After three years of travelling solo and about ten or so of travelling with various businesses, I’ve become pretty used to booking accommodation online. Hotwire Hotels, Hotels.com, Priceline, HostelWorld – I’ve done them all. While each of those services listed above has advantages and disadvantages, one service I always go back to faithfully is Hotwire Hotels.
If you’ve never used Hotwire, their business model will probably come as a surprise to you. Essentially they offer you extremely discounted hotel rooms in most major cities in the world, which is a great way to save some money if you are comfortable booking online. But there’s a catch – you don’t know exactly what hotel you are staying at until after you have already paid for it. That’s a scary proposition for most people, but is ultimately how they are able to keep their prices so low.
You can mitigate this risk by choosing the general location where you want to stay (i.e., downtown Vancouver vs a hotel near airport) as well as the approximate star rating of the hotel (i.e. a 3.5 or a 4.0 star). Once you enter this data, Hotwire will give you various hotels in the general area you chose, as well as generic user reviews and ratings for those various hotels (to help you make your decision).
Once you pay for your hotel, you’ll instantly be directed to a new webpage showing you the actual name and location of the hotel you are staying at. So at that point you can do some actual research to see the exact amenities the hotel has, as well as check-in and check-out times. Hotwire Hotels will follow up and send you an email as well so you have a record of your purchase as well as the name of the hotel.
One thing that people should take note of is that Hotwire Hotels’s official policy is that they do not offer refunds for their bookings. If they did allow refunds, then it would basically let someone book an unknown hotel and then immediately ask for a refund if they didn’t like the hotel they ended up in. So you should be pretty sure you are willing to accept whatever hotel you are given in the area and approximately star rating prior to hitting that final purchase button, because often they is no recourse if you don’t like your hotel.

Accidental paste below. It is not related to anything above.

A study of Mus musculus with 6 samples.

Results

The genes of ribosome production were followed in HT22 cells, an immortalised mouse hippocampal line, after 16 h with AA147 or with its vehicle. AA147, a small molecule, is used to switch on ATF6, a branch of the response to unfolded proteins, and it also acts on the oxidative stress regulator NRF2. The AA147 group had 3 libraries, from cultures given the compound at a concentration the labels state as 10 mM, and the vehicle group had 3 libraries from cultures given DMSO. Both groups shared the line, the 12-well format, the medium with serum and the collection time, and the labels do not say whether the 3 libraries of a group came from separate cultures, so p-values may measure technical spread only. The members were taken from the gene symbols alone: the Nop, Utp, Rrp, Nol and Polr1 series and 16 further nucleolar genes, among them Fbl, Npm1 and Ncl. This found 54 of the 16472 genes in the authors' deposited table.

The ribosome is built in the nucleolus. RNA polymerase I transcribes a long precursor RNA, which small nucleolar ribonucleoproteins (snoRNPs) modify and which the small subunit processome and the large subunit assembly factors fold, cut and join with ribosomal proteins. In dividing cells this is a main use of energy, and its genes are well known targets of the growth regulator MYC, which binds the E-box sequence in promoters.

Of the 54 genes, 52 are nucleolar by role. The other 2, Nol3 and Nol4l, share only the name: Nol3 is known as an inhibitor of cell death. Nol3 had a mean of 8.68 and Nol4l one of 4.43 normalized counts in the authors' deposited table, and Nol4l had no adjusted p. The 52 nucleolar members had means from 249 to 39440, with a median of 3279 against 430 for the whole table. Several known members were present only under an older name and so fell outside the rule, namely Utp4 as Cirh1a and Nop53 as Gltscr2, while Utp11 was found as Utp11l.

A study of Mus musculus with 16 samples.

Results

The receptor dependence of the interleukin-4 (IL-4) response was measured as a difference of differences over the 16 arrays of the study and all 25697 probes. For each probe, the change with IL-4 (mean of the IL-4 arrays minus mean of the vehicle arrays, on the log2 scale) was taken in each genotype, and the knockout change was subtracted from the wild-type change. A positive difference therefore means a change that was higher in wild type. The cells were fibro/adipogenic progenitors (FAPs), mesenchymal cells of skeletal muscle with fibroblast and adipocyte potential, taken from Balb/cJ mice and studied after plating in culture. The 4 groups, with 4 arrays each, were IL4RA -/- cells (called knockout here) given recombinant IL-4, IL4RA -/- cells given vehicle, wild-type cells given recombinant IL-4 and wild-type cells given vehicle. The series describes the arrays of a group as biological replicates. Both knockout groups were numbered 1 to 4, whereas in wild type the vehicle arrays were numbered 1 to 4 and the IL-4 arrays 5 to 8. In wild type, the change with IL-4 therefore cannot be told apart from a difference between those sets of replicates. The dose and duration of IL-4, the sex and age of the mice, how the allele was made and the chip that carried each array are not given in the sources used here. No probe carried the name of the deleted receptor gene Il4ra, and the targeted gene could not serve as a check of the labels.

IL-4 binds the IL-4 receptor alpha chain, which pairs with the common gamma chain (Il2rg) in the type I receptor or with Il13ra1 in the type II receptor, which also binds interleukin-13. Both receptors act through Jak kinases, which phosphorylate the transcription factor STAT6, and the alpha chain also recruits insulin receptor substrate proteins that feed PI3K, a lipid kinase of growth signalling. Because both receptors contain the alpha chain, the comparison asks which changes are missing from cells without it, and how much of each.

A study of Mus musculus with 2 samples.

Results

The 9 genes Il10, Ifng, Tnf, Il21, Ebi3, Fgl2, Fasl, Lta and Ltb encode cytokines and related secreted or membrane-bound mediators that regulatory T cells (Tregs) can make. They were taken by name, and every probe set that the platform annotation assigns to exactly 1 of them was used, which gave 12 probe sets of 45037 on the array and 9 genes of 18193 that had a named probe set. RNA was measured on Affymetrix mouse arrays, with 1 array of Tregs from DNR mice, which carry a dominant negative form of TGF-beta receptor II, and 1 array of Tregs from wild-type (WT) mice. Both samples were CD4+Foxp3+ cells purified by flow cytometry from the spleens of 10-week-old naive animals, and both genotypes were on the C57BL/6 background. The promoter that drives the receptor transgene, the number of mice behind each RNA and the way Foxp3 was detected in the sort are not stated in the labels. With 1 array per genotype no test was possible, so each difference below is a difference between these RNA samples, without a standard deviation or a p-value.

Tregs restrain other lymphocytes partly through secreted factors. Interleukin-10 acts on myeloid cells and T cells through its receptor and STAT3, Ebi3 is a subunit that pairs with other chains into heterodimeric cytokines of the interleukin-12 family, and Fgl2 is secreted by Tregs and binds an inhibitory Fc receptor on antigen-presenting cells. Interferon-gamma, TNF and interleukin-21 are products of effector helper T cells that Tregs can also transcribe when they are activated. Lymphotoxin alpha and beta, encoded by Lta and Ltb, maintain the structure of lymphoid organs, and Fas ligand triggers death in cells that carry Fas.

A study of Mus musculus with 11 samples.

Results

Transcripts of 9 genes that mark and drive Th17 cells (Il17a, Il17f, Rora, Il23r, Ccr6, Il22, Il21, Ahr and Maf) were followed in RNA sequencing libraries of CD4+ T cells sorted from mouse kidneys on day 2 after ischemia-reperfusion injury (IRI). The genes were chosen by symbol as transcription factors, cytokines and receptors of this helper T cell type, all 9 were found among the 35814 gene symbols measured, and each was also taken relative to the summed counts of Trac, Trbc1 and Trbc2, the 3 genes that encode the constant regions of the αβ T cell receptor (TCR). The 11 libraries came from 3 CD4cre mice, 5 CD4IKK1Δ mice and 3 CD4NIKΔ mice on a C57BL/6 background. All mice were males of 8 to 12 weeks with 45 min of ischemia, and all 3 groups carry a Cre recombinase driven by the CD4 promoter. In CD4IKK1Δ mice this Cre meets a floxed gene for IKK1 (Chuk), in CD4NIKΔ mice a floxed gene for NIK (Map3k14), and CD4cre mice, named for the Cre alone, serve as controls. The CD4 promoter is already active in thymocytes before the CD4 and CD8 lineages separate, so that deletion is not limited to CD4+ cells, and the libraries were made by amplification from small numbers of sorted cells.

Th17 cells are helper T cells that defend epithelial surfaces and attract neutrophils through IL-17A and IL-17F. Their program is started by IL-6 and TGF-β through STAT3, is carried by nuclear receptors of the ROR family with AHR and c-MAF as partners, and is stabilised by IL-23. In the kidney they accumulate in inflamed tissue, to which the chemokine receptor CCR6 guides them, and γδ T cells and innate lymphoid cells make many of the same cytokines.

That said, I did manage once to get a refund on a booking, but in my case it was because I screwed up the date of the booking. Even so, it was a major hassle trying to convince anyone at Hotwire to refund my money, since their official policy is no refunds.
I’ve been using Hotwire Hotels for six or seven years now, and in all that time I don’t think I’ve ever had a bad room or a bad experience. In all cases, the hotel I ended up with matched my rough expectations for the type of hotel I would end up in, so their were no big surprises there.
One thing people should note though is that for Hotwire, and most of the other discount hotel booking services such as Hotels.com or Priceline, the rooms you end up with are generally the less-than-ideal ones on the floor. For example, it’s not very often I’ve had a really amazing view with a Hotwire hotel, and more often than not the hotel room is fairly close to the elevator. It makes sense from a business perspective though – hotels save their best rooms (the quietest and the ones with the best views) for their customers that are willing to pay full price. So at $80 a night in New York City, don’t expect to stay in the Ritz with a view of Central Park.
One Bed Vs Two
When you book a hotel with Hotwire, the system asks you how many people are staying in the room. But for the most part if you choose 1 or 2 people, the system makes no distinction between rooms with one bed or two. When I have called Hotwire Hotels to ask about this previously, they said the proper course of action is to email or call the hotel after your booking is confirmed to request one bed or two. The catch is that the hotel isn’t obligated to honour the request if it is different than the room you are in.
So if you’re staying with a friend and are adamant that you don’t want to risk the possibility of staying in the same bed, then perhaps booking via Hotels.com is the better course of action.
The rooms on Hotwire Hotels are heavily discounted, so I suspect the actual hotels aren’t making a ton of money from the bookings. As a result, I’ve been pleasantly surprised in a few hotels when I’ve asked the front desk if it is possible to upgrade to a better room during the check-in process. It’s not very often they’ll do it for free, but a few times I’ve paid $15 to $30 more and been upgraded to a vastly superior room. Together the Hotwire fee and the upgrade fee are still far cheaper than the cost of booking that same room would have been via the hotel’s own website.
I’ve probably booked 30 or so rooms through Hotwire Hotels over the years, and I have yet to have a bad experience. As I mentioned above, there are a few things to be aware of before you book such as the lack of a refund policy and not knowing the hotel you are staying in until after you pay. The room locations as well aren’t always ideal (such as near the elevators or lacking a view), but that’s the trade-off for getting a hotel room for over 50% off in most cases.
All in all though I think Hotwire Hotels is a great way to get a very comfortable room at an affordable price, especially if you don’t really care what hotel you end up in, just that you have a comfortable bed in a brand-name hotel in the location of your choice.